Taking a Stab at NPR’s Three Minute Fiction Contest

By , February 28, 2011

Our local radio station airs National Public Radio (NPR) as their national news source. We listen regularly, and have always attended, with a fair amount of interest, their Weekend All Things Considered segment, Three Minute Fiction. This is a periodic competition in which listeners submit stories of 600 words or less, to be judged by a noted author. We’re paying particular attention to the current round, because I entered a story in the competition.

Normally, I don’t enter contests. I’ve never liked writing prompts and limitations. In grade school, I despised “story starts;” someone else started that story, I preferred to hear where they wanted to take it. I would rather write my own stories, without the prompt.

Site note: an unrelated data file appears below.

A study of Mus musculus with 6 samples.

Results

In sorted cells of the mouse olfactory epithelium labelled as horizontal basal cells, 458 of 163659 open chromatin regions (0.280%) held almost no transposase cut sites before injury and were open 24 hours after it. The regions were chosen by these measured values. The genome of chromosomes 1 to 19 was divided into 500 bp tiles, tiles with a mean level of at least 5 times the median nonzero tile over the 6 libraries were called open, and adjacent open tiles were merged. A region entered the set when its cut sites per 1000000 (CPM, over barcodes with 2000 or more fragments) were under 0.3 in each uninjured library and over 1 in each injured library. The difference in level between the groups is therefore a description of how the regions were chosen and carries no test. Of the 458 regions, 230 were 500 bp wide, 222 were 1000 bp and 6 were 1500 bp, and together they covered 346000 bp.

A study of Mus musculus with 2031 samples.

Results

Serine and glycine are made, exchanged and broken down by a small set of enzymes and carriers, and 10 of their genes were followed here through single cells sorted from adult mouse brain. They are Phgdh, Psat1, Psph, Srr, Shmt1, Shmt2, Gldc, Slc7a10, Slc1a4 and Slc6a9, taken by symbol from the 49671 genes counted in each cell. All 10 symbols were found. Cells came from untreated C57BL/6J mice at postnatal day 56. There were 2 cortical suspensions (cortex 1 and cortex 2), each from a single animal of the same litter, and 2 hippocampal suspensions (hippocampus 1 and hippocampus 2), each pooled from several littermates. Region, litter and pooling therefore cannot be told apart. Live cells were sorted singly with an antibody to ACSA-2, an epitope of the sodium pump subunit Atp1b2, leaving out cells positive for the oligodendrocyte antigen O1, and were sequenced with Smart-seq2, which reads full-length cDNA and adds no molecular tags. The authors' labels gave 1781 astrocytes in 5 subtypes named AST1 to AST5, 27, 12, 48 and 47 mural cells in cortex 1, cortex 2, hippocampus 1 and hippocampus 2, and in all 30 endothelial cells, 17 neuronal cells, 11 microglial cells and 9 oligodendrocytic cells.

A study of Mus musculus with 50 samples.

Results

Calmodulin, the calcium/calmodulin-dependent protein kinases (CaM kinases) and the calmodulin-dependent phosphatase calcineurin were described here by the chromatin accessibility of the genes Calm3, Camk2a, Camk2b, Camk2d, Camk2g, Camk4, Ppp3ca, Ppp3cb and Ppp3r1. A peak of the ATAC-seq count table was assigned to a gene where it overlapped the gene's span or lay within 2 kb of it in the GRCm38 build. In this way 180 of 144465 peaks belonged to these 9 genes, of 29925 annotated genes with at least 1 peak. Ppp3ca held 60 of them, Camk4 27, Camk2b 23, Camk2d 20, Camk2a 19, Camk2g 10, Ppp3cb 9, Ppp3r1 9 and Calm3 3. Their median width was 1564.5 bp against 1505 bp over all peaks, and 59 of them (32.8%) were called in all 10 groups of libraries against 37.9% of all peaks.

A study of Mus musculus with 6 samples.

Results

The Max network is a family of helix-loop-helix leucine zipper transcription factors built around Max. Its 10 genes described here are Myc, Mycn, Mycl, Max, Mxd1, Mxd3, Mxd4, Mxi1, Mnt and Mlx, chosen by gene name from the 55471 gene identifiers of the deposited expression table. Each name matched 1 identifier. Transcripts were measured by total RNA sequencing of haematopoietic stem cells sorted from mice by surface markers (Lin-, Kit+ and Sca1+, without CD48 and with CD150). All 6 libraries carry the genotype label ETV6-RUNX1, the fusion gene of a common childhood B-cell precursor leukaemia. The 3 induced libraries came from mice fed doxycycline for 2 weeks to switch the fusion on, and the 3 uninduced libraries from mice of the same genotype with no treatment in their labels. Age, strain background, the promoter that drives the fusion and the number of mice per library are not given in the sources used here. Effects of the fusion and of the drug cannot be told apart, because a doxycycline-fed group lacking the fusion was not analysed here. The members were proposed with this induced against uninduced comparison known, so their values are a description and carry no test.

This time around, however, the temptation simply proved to be too great. After all, as soon as I heard the current round’s limitations, I realized I had already written a story much like what they called for.

The current round, 6,  judged by the stunningly beautiful Chimamanda Ngozi Adichie, calls for stories in which one character tells a joke, and one character cries. I remembered a story that had not made the cut when I dusted off (metaphorically speaking) my old work to compile my collection of short stories, Shy Ghosts Dancing. It fell well short of the 600 word limit, and contained the two required elements.

I originally wrote the story as a performance piece. It includes elements that would showcase singing and acting ability in a very short amount of time. I’d intended to use it years ago to audition for a community theater project, but I’ve never gotten around to it. Now, on whatever level, it’s finally getting some use.

I doubt it will win, or even get mentioned. It may well get disqualified outright, since the punchline of the joke involved is never actually revealed. To do so went beyond the point of the story, and would have negated whatever impact it might have. But one never know, does one?